Having a will or a trust is essential, but it is only effective if upon your demise, the documents can be located in a timely manner. The family of Florence Griffith Joyner found themselves in this predicament. Florence Griffith Joyner was a famous American track and field star, whom most notably, won three gold medals and a silver in the 1988 Olympic Games in Seoul, South Korea.
Florence broke records in both 100 and 200 meters, earning her the nickname Flo Jo, for being the fastest woman of all time. She was only 38 years old when she passed away in her sleep from an epileptic seizure. Florence had taken the basic steps to ensure that her wishes would be fulfilled by a will. Unfortunately, her husband could not locate the will and was therefore unable to file it within the required 30 days of her death per California law, essentially causing Florence to pass away intestate. Although; while a will would not avoid probate, it would have provided a smoother process. Generally, it is easier to accept the decedent’s intentions when you know they are accurate. A will provides these validations; however, without one your loved ones are left pondering your true intentions.
Due to this misplacement, Florence’s husband and mother found themselves embroiled in a bitter legal battle. Florence’s mother proclaimed she was entitled to live rent-free in her current condominium, per her daughters wishes; yet Florence’s husband disagreed, reaffirming that his wife had never made such a promise. The probate judge appointed a third party to administer her estate, in which the administrator distributed her property in accordance with state law, as opposed to what was outlined in her will. If Florence’s will had been recovered, her family could have been spared the personal and financial expense of the lengthy four-year probate process.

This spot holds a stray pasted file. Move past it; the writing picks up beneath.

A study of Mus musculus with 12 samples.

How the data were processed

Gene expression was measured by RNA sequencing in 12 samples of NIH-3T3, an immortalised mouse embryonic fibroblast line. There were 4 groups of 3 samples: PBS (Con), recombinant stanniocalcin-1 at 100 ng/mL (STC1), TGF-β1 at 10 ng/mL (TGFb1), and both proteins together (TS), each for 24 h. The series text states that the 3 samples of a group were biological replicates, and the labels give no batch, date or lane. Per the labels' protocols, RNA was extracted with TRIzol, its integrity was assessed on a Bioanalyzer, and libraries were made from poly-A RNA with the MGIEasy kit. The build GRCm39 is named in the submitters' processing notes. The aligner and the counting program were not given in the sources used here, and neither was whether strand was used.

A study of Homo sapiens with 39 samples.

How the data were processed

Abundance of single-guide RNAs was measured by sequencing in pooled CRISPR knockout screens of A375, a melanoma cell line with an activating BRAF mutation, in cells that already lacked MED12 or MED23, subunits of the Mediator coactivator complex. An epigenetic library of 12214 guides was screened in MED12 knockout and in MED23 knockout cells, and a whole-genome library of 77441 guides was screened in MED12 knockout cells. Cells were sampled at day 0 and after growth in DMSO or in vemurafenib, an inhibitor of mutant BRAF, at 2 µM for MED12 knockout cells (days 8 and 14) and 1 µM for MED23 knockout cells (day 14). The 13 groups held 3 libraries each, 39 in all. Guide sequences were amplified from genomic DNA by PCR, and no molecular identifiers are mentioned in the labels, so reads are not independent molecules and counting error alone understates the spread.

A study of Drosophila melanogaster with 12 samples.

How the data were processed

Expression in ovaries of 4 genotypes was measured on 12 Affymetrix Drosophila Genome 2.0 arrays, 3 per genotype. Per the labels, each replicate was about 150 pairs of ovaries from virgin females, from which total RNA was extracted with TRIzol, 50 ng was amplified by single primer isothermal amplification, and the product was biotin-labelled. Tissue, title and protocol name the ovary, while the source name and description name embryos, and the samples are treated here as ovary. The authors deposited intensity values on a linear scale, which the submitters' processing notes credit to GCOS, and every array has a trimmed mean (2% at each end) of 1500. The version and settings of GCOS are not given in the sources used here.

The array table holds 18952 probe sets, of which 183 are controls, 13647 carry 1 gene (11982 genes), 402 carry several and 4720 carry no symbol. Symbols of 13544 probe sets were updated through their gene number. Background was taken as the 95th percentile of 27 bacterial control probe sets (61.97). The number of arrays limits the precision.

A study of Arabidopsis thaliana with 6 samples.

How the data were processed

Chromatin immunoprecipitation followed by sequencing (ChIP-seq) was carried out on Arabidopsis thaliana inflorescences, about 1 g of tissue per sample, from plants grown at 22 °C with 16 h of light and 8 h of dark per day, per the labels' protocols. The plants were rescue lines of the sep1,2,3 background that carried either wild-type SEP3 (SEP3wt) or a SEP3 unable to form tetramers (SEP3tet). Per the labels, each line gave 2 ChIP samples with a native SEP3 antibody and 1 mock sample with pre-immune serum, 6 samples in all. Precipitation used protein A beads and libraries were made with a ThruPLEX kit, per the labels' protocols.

Florence’s tragic story illustrates how death can strike at any time and even the most basic estate planning techniques can fail to achieve their objectives if not executed properly. We recommend that clients share a copy of their estate planning documents with the executor of their estate; as well as, with a trusted family member. If you have concerns that the executor or heirs might not be trustworthy, you may wish to have your attorney retain the originals. It is important to inform at least two people on the location and how to access the original documents. Wills and trusts contain sensitive and emotional information and for that reason many people want to keep these documents private. If these documents are not readily available, then the amount of time, money and consideration that went into preparing and maintaining them will be worthless. Without a will to instruct the probate court on your intentions, there is no way for the court to adequately provide for and protect your loved ones.
No one dreams of having their family torn apart over who gets what and when after they pass away, especially after having the appropriate documents in place. This is your time to ensure your estate plan will work exactly as intended. To protect the interest of the ones you love the most, we would be happy to review your documents and ensure the appropriate plan is in place.